Stalker (Joona Linna, Book 5) (English and Swedish Edition) (Swedish) 01 Edition
- Paperback : 592 pages
- ISBN-13 : 978-0007467853
- Product Dimensions : 5.08 x 1.42 x 7.8 inches
- ISBN-10 : 0007467850
- Publisher : HarperCollins; 01 Edition (June 1, 2017)
- Language: : English, Swedish
- Best Sellers Rank: #232,574 in Books (See Top 100 in Books)
- Customer Reviews:
Top reviews from the United States
At more than 500 pages it's more than a bit bloated yet we get very little information on the many characters who are not Joona Linna. I had hoped this would change as the books went on but we still know next to nothing about any other characters.
The story itself is very good. A serial killer is watching and videotaping women from outside their homes, uploading the film to the internet and then stabbing them to death. The m.o. matches a killer who's sitting in jail. Did they arrest the wrong man? Joona is on the case .. and of course sees things in unique ways that help lead to the killer.
This used to be one of my top five Scandinavian series. It is slipping but probably still in the top ten.
It's best to read the series in order, to appreciate Linna's personal journey. Books in the series are: The Hypnotist, The Nightmare, The Fire Witness, The Sandman, The Stalker.
Joona Linna is absent in the first part of the book and is called to action by Saga who finally obtains hard evidence that proves that Jurek Walter is dead. She wants to tell Joona herself, so she embarks on a long journey to Nattavaara, a small village about 1.000 kilometers away from Stockholm. There, Joona is living along with his daughter, Lumi, after the death of his beloved wife, Summa, who suffered from cancer and passed away some months before. Joona will take the bait from Saga and he will return to Stockholm to see with his own eyes and evaluate Saga's evidence. But, his detective instincts awaken and he is quickly drawn to the serial-killer case which features another peculiarity for him. Erik Maria Bark, the character we met in the first installment of the series, titled The Hypnotist, and held a protagonistic role in the book's plot. Erik is still facing some of the troubles that also plagued him in The Hypnotist, like his addiction to sleeping pills and an unstable personal and family life. Erik plays a major role in Stalker too as, in a way, he himself is the key that finally solves the case . I won't say anything more as it would spoil the reading experience but get ready for a thrilling ride of 600 pages full of suspense, red herrings, great horror sequences, etc.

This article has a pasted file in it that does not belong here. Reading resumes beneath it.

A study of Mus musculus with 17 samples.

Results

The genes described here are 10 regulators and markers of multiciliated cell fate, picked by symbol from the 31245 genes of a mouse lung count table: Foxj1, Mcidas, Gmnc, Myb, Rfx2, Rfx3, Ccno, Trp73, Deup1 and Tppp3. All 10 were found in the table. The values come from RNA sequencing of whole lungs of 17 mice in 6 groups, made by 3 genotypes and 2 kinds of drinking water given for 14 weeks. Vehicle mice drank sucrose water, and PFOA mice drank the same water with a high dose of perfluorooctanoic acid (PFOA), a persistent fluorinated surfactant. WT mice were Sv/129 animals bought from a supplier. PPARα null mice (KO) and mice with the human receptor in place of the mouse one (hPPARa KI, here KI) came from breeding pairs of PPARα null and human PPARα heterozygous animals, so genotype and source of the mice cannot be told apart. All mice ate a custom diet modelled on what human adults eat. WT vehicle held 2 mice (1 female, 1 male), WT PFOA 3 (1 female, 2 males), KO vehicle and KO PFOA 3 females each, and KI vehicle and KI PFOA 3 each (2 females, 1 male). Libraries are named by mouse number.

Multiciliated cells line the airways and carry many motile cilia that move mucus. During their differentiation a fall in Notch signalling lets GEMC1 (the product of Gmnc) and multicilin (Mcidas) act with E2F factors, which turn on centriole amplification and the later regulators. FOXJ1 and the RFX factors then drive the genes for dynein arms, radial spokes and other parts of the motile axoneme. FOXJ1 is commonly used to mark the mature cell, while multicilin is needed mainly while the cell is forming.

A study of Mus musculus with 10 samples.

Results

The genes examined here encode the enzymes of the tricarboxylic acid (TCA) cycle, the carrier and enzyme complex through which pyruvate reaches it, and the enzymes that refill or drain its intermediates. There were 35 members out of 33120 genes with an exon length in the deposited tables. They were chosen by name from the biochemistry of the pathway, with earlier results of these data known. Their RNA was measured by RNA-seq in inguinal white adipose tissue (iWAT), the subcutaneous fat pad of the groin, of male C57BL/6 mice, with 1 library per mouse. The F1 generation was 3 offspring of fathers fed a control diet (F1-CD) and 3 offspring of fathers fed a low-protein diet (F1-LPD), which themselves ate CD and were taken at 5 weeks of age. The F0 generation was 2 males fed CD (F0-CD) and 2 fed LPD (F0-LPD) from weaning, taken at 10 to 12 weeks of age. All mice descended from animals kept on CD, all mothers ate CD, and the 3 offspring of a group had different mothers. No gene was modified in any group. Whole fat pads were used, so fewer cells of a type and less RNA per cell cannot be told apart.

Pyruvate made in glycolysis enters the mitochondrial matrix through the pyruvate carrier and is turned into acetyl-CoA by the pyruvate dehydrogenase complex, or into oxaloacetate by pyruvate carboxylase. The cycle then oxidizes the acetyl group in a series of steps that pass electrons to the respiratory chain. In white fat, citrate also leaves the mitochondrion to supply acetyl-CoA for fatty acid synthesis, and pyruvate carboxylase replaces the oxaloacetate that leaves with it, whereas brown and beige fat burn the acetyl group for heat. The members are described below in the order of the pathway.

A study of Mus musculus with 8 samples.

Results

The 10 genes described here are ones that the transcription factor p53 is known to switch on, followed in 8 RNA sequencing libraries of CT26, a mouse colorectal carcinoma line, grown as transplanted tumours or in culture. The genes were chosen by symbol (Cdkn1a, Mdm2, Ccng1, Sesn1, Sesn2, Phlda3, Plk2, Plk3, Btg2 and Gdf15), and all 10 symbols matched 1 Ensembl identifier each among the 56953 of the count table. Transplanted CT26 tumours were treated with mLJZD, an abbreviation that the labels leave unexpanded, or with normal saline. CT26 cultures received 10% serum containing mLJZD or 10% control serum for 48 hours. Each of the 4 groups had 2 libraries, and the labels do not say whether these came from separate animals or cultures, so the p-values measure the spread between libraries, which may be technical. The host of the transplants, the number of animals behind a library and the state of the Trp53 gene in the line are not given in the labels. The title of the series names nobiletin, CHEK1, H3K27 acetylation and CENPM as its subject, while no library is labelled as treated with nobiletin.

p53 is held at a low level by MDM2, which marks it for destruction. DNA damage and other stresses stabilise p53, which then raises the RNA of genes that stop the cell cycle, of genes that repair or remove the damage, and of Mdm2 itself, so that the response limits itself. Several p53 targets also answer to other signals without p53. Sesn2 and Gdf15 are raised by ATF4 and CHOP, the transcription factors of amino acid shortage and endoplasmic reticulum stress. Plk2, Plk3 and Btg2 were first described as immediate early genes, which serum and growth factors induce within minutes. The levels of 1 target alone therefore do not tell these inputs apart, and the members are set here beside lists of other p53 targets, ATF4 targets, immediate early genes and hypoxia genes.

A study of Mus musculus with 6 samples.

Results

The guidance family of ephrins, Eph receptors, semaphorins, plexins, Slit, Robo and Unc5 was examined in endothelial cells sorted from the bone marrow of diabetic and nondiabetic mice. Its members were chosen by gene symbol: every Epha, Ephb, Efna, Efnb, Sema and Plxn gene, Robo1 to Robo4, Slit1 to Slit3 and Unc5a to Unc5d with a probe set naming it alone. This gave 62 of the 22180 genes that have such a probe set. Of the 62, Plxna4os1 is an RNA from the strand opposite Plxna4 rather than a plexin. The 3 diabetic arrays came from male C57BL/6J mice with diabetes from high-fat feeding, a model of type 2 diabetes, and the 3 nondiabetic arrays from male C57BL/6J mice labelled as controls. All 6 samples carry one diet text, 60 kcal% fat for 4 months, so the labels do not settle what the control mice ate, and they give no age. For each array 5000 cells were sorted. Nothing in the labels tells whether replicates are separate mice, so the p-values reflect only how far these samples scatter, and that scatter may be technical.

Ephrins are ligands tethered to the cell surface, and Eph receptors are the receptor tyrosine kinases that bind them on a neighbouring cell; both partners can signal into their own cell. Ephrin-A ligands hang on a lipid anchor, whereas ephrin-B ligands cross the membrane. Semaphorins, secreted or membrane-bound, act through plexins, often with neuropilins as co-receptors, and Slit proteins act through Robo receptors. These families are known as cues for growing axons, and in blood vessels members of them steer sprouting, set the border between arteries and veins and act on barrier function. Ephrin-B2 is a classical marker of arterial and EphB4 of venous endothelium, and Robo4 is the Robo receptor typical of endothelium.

Lars Kepler's thrillers almost always flirt with the horror genre and there are many electrifying scenes in Stalker that will send you to your house's windows to check if anyone is lurking outside waiting to commit the worst atrocities. The tense atmosphere, a trademark characteristic of the author(s), is further strengthened by the short-length chapters, only a page, or a page and a half long. The book blends various crime fiction sub-genres such as police procedural, whodunit mystery, crime/thriller and as I mentioned above horror fiction. The result is an excellent crime novel that guarantees that you will never get bored, never mind the vast number of pages. Lars Kepler is close to Jo Nesbø's and Jussi Adler-Olsen's writing style and handling of the plot, while he always succeeds in surprising the reader who can never guess right the identity of the villain until the author reveals him in the final pages. If I had to choose the best novel until now in the series, Stalker would be my first choice as it features all of Lars Kepler's trademarks, has a very strong plot with plenty of red herrings and diversions, the atmosphere is murky and strained in a way that keeps the reader on the edge of his seat, and it's also a clever murder mystery. I recommend it to all Nordic noir devotees and keep in mind that The Hypnotist (#1) has been adapted to the cinema screen in 2012 by Lasse Hallström, starring Tobias Zilliacus as Joona Linna and Mikael Persbrandt as Erik Maria Bark.
Top reviews from other countries
Please, if you want to write about music, get some help, with respect, from an actual musician!
rather artificially , the regular characters like Eric attracting a little bit more psychotic interest than seems plausible and our hero Joona, while constantly getting chunks knocked out of him, having a Holmsian infallibility and the authors failing somehow to make him completely real.
There was also almost a wasteful gruesome sacrifice of numerous unfortunate bystanders ( but I suppose that's Scaninoir for you ).
Oh, I fogot to say I couldn't put it down!